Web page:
New Caledonian Crested Gecko
(image via: Herman Pijpers)
The New Caledonian Crested Gecko (Correlophus ciliatus) is native to the South Province region of New Caledonia, a French island territory in the southwest Pacific Ocean. The species was first described in 1866 but live specimens proved impossible to find and the species was thought to have gone extinct. In 1994, however, several live lizards were re-discovered in the aftermath of a tropical storm, and the wild population is now thought to be surprisingly large and relatively stable. New Caledonian Crested Geckos are in demand through the pet trade, as these rather large (up to 10″ long) lizards can live up to 20 years in captivity.
Monito del Monte
(image via: José Luis Bartheld)
The Monito del Monte (Dromiciops gliroides) is a marsupial yet it doesn’t live in Australia, instead being native to a small region of highland forests straddling the Chile-Argentina border in southwestern South America. Scientists believe that Australia’s marsupials originated in South America, dispersing to the now-island continent about 55 million years ago when Australia and South America were connected via an unfrozen Antarctica. The ancestors of Monito del Monte split off from the base marsupial lineage before the dispersal event.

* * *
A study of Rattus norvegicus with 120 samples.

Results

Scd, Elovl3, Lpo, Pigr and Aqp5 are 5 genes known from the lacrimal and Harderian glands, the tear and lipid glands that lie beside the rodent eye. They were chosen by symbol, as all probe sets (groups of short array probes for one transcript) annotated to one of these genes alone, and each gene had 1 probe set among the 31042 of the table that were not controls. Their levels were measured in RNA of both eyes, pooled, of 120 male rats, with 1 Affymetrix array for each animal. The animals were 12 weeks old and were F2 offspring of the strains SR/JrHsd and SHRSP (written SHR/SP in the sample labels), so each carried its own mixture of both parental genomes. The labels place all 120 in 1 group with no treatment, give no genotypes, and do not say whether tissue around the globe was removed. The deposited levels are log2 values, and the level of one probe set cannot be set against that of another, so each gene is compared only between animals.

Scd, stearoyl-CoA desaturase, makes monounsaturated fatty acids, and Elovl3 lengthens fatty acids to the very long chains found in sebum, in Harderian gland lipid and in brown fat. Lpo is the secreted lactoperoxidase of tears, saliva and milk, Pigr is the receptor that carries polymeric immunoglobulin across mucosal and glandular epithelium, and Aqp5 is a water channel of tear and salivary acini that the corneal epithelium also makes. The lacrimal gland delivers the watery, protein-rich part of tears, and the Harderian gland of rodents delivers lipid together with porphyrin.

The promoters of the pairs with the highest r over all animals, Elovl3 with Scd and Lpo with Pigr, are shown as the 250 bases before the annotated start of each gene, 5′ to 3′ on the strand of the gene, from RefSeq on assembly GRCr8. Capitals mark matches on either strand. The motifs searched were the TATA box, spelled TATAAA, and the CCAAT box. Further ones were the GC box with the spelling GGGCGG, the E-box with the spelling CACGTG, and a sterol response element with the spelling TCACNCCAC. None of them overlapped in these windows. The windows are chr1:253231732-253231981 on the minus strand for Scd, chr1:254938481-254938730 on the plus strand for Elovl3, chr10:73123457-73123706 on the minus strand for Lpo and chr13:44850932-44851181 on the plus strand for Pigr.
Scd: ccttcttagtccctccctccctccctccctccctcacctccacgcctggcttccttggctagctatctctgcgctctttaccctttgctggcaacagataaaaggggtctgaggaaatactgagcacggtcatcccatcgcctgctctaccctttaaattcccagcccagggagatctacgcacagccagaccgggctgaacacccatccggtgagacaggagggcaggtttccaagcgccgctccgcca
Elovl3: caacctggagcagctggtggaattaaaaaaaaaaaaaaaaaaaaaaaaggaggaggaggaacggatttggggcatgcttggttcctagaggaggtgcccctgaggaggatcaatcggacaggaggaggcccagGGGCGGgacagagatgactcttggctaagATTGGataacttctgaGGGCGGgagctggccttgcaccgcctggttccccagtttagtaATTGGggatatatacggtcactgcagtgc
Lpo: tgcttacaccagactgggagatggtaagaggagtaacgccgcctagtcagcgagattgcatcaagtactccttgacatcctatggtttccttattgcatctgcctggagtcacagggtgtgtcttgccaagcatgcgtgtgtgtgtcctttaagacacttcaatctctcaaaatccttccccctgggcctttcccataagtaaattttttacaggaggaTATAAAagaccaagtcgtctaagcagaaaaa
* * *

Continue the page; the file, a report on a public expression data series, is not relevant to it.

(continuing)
(image via: Biodiversity Heritage Library)
First described in 1894 by zoologist Oldfield Thomas, the tiny (11–12.5 cm or 5 inch long plus tail) Monito del Monte is a true living fossil. What’s more, the species enjoys a unique seed dispersal relationship with the Loranthacous mistletoe, whose seeds it eats. It’s believed that Monito del Monte is the only dispersal venue for the mistletoe and should Monito del Monte become extinct, the mistletoe would soon follow.